Achieving Mideast Peace
by Cindy Levitt

Published in Voice of the People, Chicago Tribune as well as in the November 13, 2020 edition of Chicago's Streetwise newspaper.

As a Jewish woman I have been struggling with how to respond to the recent events in the Middle East.  I read the Tribune's news and editorial coverage, watch television news, look for Internet sites to garner additional viewpoints and I search my own conscience as tragedies unfold for both Palestinians and Israelis.  I am not an expert on the history of the Middle East, or a religious scholar.  I do not profess to have an answer to the complexities of the current escalation of violence.  But I do feel, in my heart, that in order to achieve peace in Israel there must be justice for Palestinians.  Israeli Arabs must be granted equal rights.  Economic disparities, and the ability to buy land need to be addressed for Palestinians living within Israel's current borders.  People living in the occupied territories, the West Bank and Gaza strip, must be able to live without fear, must be able to get to their jobs in order to provide for their families and feed their children.  They must be freed from the fears that armed settlers will shoot at them.  Illegal settlements must be disbanded immediately.

There is a huge power differential in this conflict.  The Israeli military is one of the strongest in the world.  They have access to, and use, tanks, and sophisticated weaponry including helicopter gunships.  Although the Palestinians do have access to some arms they do not have the military capability of Israel, thus are primarily armed with stones, rocks and sling shots.

There must be an acknowledgment of the inherent humanity of Palestinian men, women and children.  There must also be an end to the demonization of an entire people, and an end to the mistaken notion that Palestinians care less about their children than the rest of us do.

I found an example of that disturbing dynamic played out in Michael Kotzin's piece on November 3, 2000.  (Orwellian reading of the Middle East conflict).  Kotzin said that "the regrettable Palestinian casualties, often suffered by youths who are cynically sacrificed on the alter of the Palestinian cause, are used to gain sympathy from the West and to further incite Palestinians."  We don't question that Israeli youth are sacrificed by serving in the Israeli army; we don't remind Israel of its own use of children during it's "War of Independence" when groups like Irgun and Haganah routinely used 14 and 15 year old boys in their attacks on Arabs.  Are we really to believe that any family would choose to put their children in danger to gain sympathy?  Or that Palestinian fathers and mothers love their children differently that our fathers and mothers love us?

Uri Avnery, an Israeli journalist writes that "When a people fights for its very existence and freedom, its youth cannot but take part."  He goes on to say that he "joined the Irgun, defined by the British as a terrorist organization, at the age of 14 and a half.  By the age of 15 I carried guns."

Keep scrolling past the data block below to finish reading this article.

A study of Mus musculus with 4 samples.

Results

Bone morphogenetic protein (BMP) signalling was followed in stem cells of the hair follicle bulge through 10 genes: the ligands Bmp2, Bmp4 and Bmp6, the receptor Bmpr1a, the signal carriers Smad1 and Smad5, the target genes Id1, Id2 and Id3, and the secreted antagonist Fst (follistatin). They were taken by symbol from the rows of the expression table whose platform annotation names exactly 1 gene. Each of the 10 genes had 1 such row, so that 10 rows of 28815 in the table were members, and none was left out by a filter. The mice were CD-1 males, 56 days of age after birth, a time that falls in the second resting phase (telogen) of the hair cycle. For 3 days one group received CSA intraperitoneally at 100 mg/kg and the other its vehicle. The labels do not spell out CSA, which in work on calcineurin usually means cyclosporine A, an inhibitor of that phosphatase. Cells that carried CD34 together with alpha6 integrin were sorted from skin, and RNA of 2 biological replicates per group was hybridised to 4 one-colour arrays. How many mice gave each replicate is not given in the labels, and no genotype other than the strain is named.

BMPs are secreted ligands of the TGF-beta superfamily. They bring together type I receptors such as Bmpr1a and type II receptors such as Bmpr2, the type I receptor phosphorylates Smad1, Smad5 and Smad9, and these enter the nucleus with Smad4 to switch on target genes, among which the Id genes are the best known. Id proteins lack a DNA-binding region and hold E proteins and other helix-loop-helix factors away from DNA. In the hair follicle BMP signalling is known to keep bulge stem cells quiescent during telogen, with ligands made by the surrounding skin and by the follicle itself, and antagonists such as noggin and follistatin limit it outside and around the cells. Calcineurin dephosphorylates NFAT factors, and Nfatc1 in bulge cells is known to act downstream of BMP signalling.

Within Israel many Jews call for peace and justice; there are vigorous debates as to how peace might someday be achieved.  In the United States, however, the Jewish community has, for the most part, uncritically supported Israel, including their military and intelligence gathering methods.  I call on the Jewish community to question the current assault on, and killing of Palestinians.  I don't believe we can stand silently by when we see injustice.  During the Holocaust we know that silent acceptance and fear fueled Hitler's "final solution."  We celebrated and honored those "righteous Gentiles" who stood up, tried to hide and save Jews and spoke out, often risking their own lives.  That is why I can no longer remain silent.  I cringe when I hear about Palestinian homes being bombed, see shootings and killings of young people.  They live with the constant humiliation of roadblocks and checkpoints and anti Arab slurs made by settlers, their so-called "neighbors" living within armed fortresses.

Until recently I was unaware of how media coverage painted a picture of Palestinian and Arabs as less than human.  Nameless people die.  Words used one way or another create emotions in us that color our reactions.  It is time for us to start talking with each other within the Jewish community and for us to begin dialogues with Palestinians and Arab Americans here in Chicago.  Maybe together we can pressure the Israeli government to change the course they are on.  Without justice there will be no lasting peace.  Dignity, respect and self-determination is something we all crave.  I hope and pray for a time when Jews, Muslims, Christians and all others can live together equally and in peace.